Low blows...

Airline passengers in Abu Dhabi stand to benefit as two new low-cost carriers fight it out for their dirhams. But, asks Alan Dron, is there enough business for both companies?

Pictures: Air Arabia and Wizz Air

It promises to be one of the most closely watched developments in Middle East commercial aviation for many years. Two major low-cost carriers (LCCs) are starting operations from Abu Dhabi International Airport, with plans to launch cut-price flights both within the region and beyond.

Air Arabia has joined up with locally based Etihad Airways to form Air Arabia Abu Dhabi (AAAD), while Hungary-based Wizz Air, which has become a major force in central and eastern Europe, is setting up Wizz Air Abu Dhabi (WAAD) in cooperation with Abu Dhabi Developmental Holding Company.

AAAD started services in July, flying to Alexandria and Sohag in Egypt. Since then it has expanded its flights to Cairo, Kabul (Afghanistan) and Dhaka (Bangladesh). It has also been granted permission to start operating to the Uzbek capital, Tashkent.

WAAD, meanwhile, at the time of writing planned to start services on October 16. It would find itself in immediate competition with AAAD to Alexandria, while also beginning flights to Athens (Greece), Kutaisi (Georgia), Larnaca (Cyprus), Odessa (Ukraine) and Yerevan (Armenia).

Air Arabia’s link with Etihad at Abu Dhabi is not dissimilar to the situation in neighbouring Dubai, where Emirates Airline has built an increasingly comprehensive strategic partnership with LCC Flydubai – although those two companies have the same owner.

They complement each other, as Flydubai operates to many destinations closer to Dubai than the long-haul-biased Emirates and, increasingly, large numbers of passengers transfer between the two carriers.

Air Arabia declined to detail its plans for its venture with Etihad. A spokesman said it felt unable to comment on markets and routes because of the rapidly changing conditions caused by the coronavirus pandemic.

However, Wizz Air has been on the PR offensive ever since announcing its venture last December. The scale of its ambitions can be judged by the fact that it plans to base up to 100 aircraft in the Gulf by 2035.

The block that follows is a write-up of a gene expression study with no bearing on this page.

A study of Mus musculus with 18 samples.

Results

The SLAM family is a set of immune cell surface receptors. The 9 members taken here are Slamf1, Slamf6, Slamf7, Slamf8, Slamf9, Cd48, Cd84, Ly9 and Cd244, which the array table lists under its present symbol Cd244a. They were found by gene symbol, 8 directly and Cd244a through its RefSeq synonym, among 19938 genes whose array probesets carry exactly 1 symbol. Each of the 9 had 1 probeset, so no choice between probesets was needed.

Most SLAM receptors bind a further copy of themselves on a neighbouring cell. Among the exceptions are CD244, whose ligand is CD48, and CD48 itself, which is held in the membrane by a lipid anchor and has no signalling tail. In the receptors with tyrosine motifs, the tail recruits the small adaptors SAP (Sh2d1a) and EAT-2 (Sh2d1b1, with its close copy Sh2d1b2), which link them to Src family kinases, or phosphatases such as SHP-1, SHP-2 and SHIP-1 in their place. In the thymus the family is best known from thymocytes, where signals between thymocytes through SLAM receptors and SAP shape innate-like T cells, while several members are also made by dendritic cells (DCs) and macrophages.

It was initially thought that WAAD would tend to operate north and west towards Europe. However, Wizz CEO, József Váradi, has said that it will also be looking at intra-Gulf flights, north Africa and the Indian sub-continent.

Wizz has served Dubai World Central for some years, “gaining experience going further east from Europe”, Váradi said.
He described the UAE as a compelling market, with Abu Dhabi keen to expand its aviation sector as part of its plans to diversify from a hydrocarbon-based economy.

He noted that the roughly six-hour range of Wizz’s fleet of Airbus A320s and A321s meant that the UAE was at the limit of their range from Europe; setting up a base in the UAE would allow it to greatly expand its area of operations, especially with a UAE air operator’s certificate (AOC). WAAD has now been named an official UAE flag-carrier.

However, some analysts have expressed doubts whether there are sufficient passengers in Abu Dhabi for two LCCs to operate profitably, particularly if they become locked into a price war.

Even ultra-low prices will not be sufficient to widen the local pool of prospective passengers, Saj Ahmad, chief analyst at London-based StrategicAero Research, believes.

“No one in their right mind is going to travel two hours from Dubai to catch a flight from Abu Dhabi, just because it’s cheaper,” he said. “There is even less incentive to come from [the more distant emirates of] Sharjah, Fujairah or Ras Al Khaimah.”

Váradi is confident that there is sufficient traffic, for two main reasons. “Abu Dhabi leaks passengers heavily to Dubai and Sharjah,” he said. He believes WAAD can reclaim those passengers.

And he believes that, as elsewhere in the Gulf, the presence of LCCs will ‘grow the pie’, increasing both the overall number of passengers and the number of flights they take. For that reason, he does not believe over-capacity will be a problem. There will also be new passengers in the form of in-bound leisure traffic.

“Competition is good for the market. There are benefits for consumers [and] it’s good for airlines. If you compete, you simply become a better airline.”